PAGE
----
December 9, 2023 | Rome, Italy

GPS, as in sauce

By |2018-03-21T18:57:19+01:00September 28th, 2013|"In Provincia"|
After being saved, time for pasta in porcini pepper sauce. Photos by Ruurd de Jong.

nce upon a time people relied on stars for travel directions, that or a veteran god. Now they have GPS.

I met a woman who worked on a mountain rescue team. She told me her unit often used helicopters — at great risk and expense — to rescue people who’d managed to trap themselves in impossible places, sometimes against all common sense, like cats in trees. When the woman asked some of the rescued why on earth they’d tried to go where they did, some would reply, “Well, the GPS said I could get there.”

The story made me remember a few of our first B&B guests. When they couldn’t find us in the hills, they’d call us. I’d say to them: “Is there anything you see around you that indicates your location so I know where you are?”

One of them cheerfully replied, “I see a yellow house.” They probably don’t have yellow houses in Los Angeles.

Another woman actually said, “I see a tree.”

A third, and she wasn’t kidding, said, “I see my husband.”

Off we’d go (minus helicopter) to chase them down, like lost pets. This happened at all times of the day and night.

GPS has changed all that. Now, they just punch in a name

Take the Swedish couple that successfully made it to Carpi, near Modena. As soon as they got there they immediately asked about the ferry to the Blue Grotto. You know, the famous mountain ferry. They had actually wanted to go to the island of Capri, off Naples, some 700 kilometers away. You think I’m making it up? Check the BBC report in July 2009.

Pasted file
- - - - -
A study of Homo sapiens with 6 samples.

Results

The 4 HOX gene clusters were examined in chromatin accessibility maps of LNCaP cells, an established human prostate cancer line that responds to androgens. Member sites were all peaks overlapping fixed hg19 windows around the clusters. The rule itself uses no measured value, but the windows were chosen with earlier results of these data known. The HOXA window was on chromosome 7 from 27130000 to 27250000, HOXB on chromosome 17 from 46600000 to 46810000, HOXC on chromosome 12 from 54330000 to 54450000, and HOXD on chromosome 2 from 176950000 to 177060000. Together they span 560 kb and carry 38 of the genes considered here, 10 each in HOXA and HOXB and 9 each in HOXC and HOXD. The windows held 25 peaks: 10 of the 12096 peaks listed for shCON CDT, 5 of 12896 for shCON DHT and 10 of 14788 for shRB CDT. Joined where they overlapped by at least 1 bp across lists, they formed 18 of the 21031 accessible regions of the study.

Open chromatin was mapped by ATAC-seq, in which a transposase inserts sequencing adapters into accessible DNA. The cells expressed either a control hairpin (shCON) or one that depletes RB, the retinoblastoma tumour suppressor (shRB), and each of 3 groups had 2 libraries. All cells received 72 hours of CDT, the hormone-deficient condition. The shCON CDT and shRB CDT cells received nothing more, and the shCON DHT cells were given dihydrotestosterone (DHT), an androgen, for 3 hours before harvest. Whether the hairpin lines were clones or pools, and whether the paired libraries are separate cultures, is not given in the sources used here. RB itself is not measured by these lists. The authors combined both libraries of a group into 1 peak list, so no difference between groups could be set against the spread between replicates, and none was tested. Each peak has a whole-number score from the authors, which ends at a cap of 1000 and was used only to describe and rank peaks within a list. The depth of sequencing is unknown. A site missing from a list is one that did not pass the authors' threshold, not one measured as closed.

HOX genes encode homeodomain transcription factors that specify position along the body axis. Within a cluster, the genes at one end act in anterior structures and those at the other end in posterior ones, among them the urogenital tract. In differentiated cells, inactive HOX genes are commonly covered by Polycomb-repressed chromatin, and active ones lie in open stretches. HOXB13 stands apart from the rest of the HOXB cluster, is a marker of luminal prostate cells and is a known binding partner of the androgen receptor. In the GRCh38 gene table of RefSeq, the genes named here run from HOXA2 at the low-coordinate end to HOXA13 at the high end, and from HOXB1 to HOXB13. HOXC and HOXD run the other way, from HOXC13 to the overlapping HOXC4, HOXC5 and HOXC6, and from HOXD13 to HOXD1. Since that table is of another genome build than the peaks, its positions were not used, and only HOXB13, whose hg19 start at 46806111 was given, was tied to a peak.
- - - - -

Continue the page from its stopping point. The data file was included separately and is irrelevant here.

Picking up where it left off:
For us, though, GPS is a blessing. If it weren’t for GPS, the web, and Skype our guests would still be throwing coins in Rome’s Trevi Fountain, oblivious to Umbria’s rustic charm. True, we still have to rescue them from time to time when they insist on following “the voice” and not our detailed directions. Technology doesn’t know the lay of the land, and they may find themselves spinning their wheels in a creek with my neighbor’s ducks.

Mostly, though, they get here and hug us, as if they’d made it through some daunting wilderness.

Sometimes I feel like thanking them, for getting the spelling of the place right, for not killing any ducks, and for managing to arrive before 9 p.m. But I spare them the speech. And we eat.

Autumn Evening Delight (serves 4)


  • 400 gr. (12 ounces) canned diced tomato.

  • 15 gr. (1/2 ounce) dried porcini soaked in 2/3 cup of lukewarm water.

  • 2 Large onions, thinly sliced.

  • 2 Red or yellow sweet peppers cut into 1 cm. (1/2 inch) wide, 4 cm. (2 inch) long strips.

  • 3 tabsp. heavy cream.

  • 400 gr. short pasta such as penne, rigatoni or lumache (or gluten-free alternatives).


— Use a shallow, thick-bottomed pan with a lid over low heat. Soften onion and sweet peppers in 2 tablespoons of extra virgin olive oil until they break apart, about 30-45 minutes.

— When the mixture starts to dry out, add the soaked porcini in its water.

— Simmer until the soaking water is completely reduced. Add the tomato and cook for 10 more minutes until slightly thickened. Add cream, but don’t cook it.

— Pour the sauce on your short pasta, with a sprinkle of chopped fresh parsley.

— Eat with your phone turned off.

About the Author:

Letizia Mattiacci wrote the "In Provincia" column from 2011 through 2019.